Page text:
AIR at 40: Paul Fields, 1980 Artist in Residence

By Bernheim

Artist Paul Fields at Bernheim in 2003.

The more you’re in nature, the more you see. Every time I drive this road or walk the same path, I see something different.” Paul Fields quoted in the June 15, 1983 edition of the Bullitt Weekly.

Paul Fields was the first unofficial Bernheim Artist in Residence. In 1980, three local sculptors were approached to submit design proposals for a sculpture of significance to be placed along the entrance to the Sun and Shade trail. Fields’ submission, a form sculpted from native limestone that spirals in the same fashion as one of nature’s own shapes was selected and ‘Snail’* became the first contemporary art to be placed at Bernheim.

The artist at work in 1981.








And significant it was! The original 22-ton block of limestone was bought from the Indiana Limestone Company in Bedford, Indiana and brought to Bernheim in a dump truck. Because of the size and scope of the project, Fields felt the need to live in close proximity during the creation of the work and the concept of creating while in residence was born when Fields moved into an unoccupied house on Bernheim property. The sculpture took nearly two years to complete and brought Fields closer to nature in the process.

Installation of Field’s sculpture Untitled, fondly referred as ‘Snail‘ by Bernheim staff.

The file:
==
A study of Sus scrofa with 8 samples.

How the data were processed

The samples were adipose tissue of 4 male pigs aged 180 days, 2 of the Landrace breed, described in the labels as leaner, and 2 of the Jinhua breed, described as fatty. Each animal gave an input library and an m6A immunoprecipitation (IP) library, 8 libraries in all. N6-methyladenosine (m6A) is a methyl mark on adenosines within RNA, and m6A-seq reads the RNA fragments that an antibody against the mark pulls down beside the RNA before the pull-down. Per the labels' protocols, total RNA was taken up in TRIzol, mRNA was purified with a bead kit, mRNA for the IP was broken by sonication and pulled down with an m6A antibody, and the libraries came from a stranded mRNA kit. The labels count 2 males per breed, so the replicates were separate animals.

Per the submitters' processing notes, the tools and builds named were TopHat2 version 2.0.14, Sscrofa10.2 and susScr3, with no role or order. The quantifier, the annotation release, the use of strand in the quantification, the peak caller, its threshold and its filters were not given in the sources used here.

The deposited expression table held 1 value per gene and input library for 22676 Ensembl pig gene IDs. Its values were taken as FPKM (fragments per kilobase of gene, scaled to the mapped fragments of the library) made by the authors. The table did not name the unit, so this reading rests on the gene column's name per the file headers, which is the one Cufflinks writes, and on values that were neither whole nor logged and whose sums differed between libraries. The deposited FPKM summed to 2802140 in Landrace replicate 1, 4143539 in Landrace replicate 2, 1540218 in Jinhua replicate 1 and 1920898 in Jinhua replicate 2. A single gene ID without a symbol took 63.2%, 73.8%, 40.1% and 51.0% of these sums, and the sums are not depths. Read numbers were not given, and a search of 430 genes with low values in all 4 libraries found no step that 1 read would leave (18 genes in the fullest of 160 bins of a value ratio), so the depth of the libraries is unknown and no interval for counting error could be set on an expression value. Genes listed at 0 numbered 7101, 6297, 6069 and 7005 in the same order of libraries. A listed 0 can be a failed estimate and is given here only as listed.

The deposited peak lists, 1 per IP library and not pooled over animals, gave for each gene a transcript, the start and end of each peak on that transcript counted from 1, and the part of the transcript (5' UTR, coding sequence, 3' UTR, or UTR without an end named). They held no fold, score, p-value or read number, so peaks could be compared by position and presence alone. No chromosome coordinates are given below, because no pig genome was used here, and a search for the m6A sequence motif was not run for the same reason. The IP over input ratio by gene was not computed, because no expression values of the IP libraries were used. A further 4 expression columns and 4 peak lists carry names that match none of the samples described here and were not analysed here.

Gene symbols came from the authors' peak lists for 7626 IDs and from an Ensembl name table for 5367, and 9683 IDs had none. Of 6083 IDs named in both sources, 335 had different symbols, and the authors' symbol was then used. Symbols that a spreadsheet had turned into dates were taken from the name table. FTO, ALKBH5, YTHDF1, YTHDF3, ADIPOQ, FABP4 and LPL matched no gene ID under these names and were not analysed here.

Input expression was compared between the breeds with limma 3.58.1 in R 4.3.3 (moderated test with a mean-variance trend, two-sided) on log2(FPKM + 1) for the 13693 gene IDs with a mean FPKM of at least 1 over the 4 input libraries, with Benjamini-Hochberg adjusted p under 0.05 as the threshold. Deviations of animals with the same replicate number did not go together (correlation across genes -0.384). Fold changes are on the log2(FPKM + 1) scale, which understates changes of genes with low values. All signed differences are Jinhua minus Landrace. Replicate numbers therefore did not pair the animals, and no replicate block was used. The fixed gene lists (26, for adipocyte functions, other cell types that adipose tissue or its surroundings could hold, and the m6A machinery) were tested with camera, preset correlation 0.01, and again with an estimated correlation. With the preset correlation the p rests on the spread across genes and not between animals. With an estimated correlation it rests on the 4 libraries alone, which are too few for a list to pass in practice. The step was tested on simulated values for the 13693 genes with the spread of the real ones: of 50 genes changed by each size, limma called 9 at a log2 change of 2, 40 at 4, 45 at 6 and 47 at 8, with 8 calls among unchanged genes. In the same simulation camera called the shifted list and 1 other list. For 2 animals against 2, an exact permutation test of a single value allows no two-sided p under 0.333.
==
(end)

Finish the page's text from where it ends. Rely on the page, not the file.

Fields is quoted in the December 6, 1982 edition of The Louisville Times, as saying: “The spot where it’s going is so beautiful. I’m using nature to make my piece look better. You can’t improve upon nature, especially Bernheim Forest. It was a challenge to put something in Bernheim that worked.”

Upon completion of ‘Snail’*, several members of the board felt it was time to honor Isaac W. Bernheim’s wishes of art truly having a place in nature. After some thoughtful consideration as to what that would look like and how it would operate, Bernheim’s Artist in Residence program was born.

In the years that followed, Paul not only became a renowned Louisville sculptor, but was also the mentor and teacher for a whole generation of artists. In 2003, Fields and his sister donated the ‘Blossom’* sculpture that now stands along Lake Nevin Loop. This piece is also made from native limestone and the base of “Blossom”* was obtained from the grounds at Bernheim. This was the last piece Fields completed before he passed away after complications from surgery at the age of 64. ‘Blossom’* was formally dedicated at the preview opening with family, friends, and admirers in attendance. His influence on artists, the arts community, and the Artist in Residence program will forever be evident in his work at Bernheim. Spanning over thirty years, Fields’ work can be viewed regionally, in such places as the Louisville Zoo, Kentucky School for the Blind, Cave Hill Cemetery and Indiana University Southeast.


*Instead of attributing descriptive names to individual artworks, Paul Fields never titled his sculptures. Over the years Bernheim has fondly adopted the names of “Snail” and “Blossom” as a means of identifying the works both for operational as well as directional purposes for visitors.

Paul Fields’ sculpture ‘Blossom‘* plays in perfect harmony with the fall landscape.


2020 marks the 40th anniversary of Bernheim’s Artist in Residence program. Established in 1980, this internationally renowned program annually awards artists the opportunity to live and create site-specific work inspired by their total immersion experience at Bernheim. Throughout 2020, we are celebrating the contributions of the program’s past that has allowed our visitors to experience nature in a new way while enhancing awareness of Bernheim’s mission of connecting people to nature.